United Way collection underway 11.12.08

Written by David Green.

When times get tough, the funding needs of United Way agencies tend to grow stronger.

The American Red Cross, the Counseling Vouching Program, legal services, dental clinic, Associated Charities, HOPE Community Center, Housing First affordable housing, Hospice of Lenawee and others—the county-wide programming by the Lenawee United Way addresses a variety of needs and ages.

“There is no doubt that these are very challenging times in our economy, but that makes the need all the more urgent,” said  the United Way’s Amy Palmer. “Many of our agencies are overwhelmed with the increased volume of need from working families and individuals who require extra support to help make ends meet.”           

A portion of the county collection is returned directly to communities. Nearly $5,000 was recently distributed among four Morenci programs from United Way funds collected last year, but that was far short of the requests made.

“Nobody was fully funded through United Way,” said Morenci chair Brad Frederick, “but everybody requesting funds got something.”

More than $11,000 was divided among five agencies the previous year and more than $10,000 was requested from five agencies this year. With the steep drop in donations, four programs received limited funding from the United Way and two programs received direct donations from a local industry.

“There wasn’t enough money to go around,” said Morenci board member Simone Haas. “I thought it was just awful.”

As a co-owner of Roth Fabricating, Haas said she and co-owner Shane Sarnac decided to fill the gap.

“We’ve done well this year so it was our way of giving back to the community,” she said.

Roth gave $1,000 to the city’s Summer Recreation Program and $1,500 to the winter clothing campaign at Morenci Elementary School, to buy coats, hats and mittens for children in need of warm winter gear.

The local United Way allocations board—Frederick, Haas, Jennifer Blaker, Rosemary Dickerson and Kyle Griffith—awarded $1,000 to the Summer Recreation program; $1,838 to Stair Public Library; $1,000 to the Morenci Elementary School PTO for the fifth grade camping experience; and $1,160 to the Morenci Fire Department.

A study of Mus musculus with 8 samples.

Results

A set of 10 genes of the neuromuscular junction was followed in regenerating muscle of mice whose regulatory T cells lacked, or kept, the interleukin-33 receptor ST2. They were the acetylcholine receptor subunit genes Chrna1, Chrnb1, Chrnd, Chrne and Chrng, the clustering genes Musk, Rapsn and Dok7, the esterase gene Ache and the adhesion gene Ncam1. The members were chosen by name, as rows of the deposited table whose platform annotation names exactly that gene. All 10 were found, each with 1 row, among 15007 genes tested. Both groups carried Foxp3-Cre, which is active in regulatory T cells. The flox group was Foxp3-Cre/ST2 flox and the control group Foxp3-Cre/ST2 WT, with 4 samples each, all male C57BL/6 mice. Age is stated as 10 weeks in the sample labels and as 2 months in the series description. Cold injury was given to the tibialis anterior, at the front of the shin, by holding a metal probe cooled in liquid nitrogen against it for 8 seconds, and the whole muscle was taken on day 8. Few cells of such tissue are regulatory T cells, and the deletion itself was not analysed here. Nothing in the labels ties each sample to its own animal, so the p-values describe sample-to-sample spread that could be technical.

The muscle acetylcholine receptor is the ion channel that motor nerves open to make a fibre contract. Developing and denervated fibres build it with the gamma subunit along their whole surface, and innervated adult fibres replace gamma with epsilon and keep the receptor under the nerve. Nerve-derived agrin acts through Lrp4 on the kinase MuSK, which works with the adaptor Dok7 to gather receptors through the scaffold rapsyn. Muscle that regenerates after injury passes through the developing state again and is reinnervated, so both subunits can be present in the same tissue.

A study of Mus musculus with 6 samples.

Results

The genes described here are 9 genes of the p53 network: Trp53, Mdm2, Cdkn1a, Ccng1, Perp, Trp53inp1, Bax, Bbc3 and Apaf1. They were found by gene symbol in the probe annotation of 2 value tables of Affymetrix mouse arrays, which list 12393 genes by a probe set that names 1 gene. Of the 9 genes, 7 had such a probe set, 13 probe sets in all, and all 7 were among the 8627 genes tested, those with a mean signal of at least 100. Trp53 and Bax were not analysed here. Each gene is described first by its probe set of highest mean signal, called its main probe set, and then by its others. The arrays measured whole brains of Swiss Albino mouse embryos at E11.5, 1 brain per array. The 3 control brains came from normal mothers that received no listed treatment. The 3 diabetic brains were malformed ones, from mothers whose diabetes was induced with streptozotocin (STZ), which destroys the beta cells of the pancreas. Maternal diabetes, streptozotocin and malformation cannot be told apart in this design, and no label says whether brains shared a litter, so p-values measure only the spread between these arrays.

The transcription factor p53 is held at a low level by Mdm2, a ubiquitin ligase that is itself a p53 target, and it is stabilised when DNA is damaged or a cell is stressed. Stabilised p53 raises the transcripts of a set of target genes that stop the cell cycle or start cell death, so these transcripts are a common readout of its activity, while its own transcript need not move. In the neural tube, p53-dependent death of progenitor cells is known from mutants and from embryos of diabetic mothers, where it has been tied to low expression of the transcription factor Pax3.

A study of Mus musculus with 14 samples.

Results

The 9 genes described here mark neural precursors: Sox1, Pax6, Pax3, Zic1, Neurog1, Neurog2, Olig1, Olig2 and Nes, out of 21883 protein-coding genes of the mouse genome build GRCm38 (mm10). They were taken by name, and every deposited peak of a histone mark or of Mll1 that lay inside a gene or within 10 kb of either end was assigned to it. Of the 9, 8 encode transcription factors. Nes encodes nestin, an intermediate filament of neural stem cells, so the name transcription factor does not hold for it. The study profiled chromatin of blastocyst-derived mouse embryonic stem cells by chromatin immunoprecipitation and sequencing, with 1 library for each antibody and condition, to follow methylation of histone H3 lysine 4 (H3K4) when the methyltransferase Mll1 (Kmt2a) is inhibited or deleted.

In order to receive funding, agencies now must meet 501c3 federal guidelines and address one of four areas: basic needs; employment and self-sufficiency; health; and youth at risk.

Any donation of $100 or more can be designated for a particular eligible agency.

Anyone making donations through payroll deductions should file a pledge form by the end of November, Frederick said, and individuals should make gifts by mid-December at the latest.

To obtain a pledge form, call Frederick at 517/605-1020.


  • Front.poles
    MOVING EAST—Utility workers continue their slow progress east along U.S. 20 south of Morenci. New electrical poles are put in place before wiring is moved into place.
  • Front.cowboy
    A PERFORMER named Biligbaatar, a member of the AnDa Union troupe from Inner Mongolia, dances at Stair District Library last week during a visit to the Midwest. The nine-member group blends a variety of traditions from Inner and Outer Mongolia. The music is described as drawing from “all the Mongol tribes that Genghis Khan unified.” The group considers itself music gatherers whose goal is to preserve traditional sounds of Mongolia. Biligbaatar grew up among traditional herders who live in yurts. Additional photos are on the back page of this week’s Observer.
  • Front.base Ball
    UMPIRE Thomas Henthorn tosses the bat between team captains Mikayla Price and Chuck Piskoti of Flint’s Lumber City Base Ball Club. Following the 1860 rules, after the bat was grabbed by the captains, captains’ hands advanced to the top of the bat—one hand on top of the other. The captain whose hand ended up on top decided who would bat first. Additional photos of Sunday’s game appear on page 12 of this week’s Observer. The contest was organized in conjunction with Stair District Library’s Hometown Teams exhibit that runs through Nov. 20.
  • Front.chat
    VALUE OF ATHLETICS—Morenci graduate John Bancroft (center) takes a turn at the microphone during a chat session at the opening of the Hometown Teams exhibit at Stair District Library. Clockwise to his left is John Dillon, Jed Hall, Jim Bauer, Joe Farquhar, George Hollstein, George Vereecke and Mike McDowell. Thomas Henthorn (at the podium) kicked off the conversation. Henthorn, a University of Michigan–Flint professor, will return to Morenci this Sunday to lead a game of vintage base ball at the school softball field.
  • Front.cross
    HUDSON RUNNER Jacob Morgan looks toward the top of the hill with dismay during the tough finish at Harrison Lake State Park. Fayette runner Jacob Garrow focuses on the summit, also, during the Eagle Invitational cross country run Saturday morning. Continuing rain and drizzle made the course even more challenging. Results of the race are in this week’s Observer.
  • Front.bear
    HOLDEN HUTCHISON gives a hug to a black bear cub—the product of a taxidermist’s skills—at the Michigan DNR’s Great Youth Jamboree. The event on Sunday marked the fourth year of the Jamboree. Additional photos are on page 12.
  • Front.hose Testing
    HOSE safety—The FireCatt hose testing company from Troy put Morenci Fire Department hose to the test Monday morning when Mill Street was closed to traffic. The company also checks nozzles and ladders for wear in an effort to keep fire fighters safe while on calls.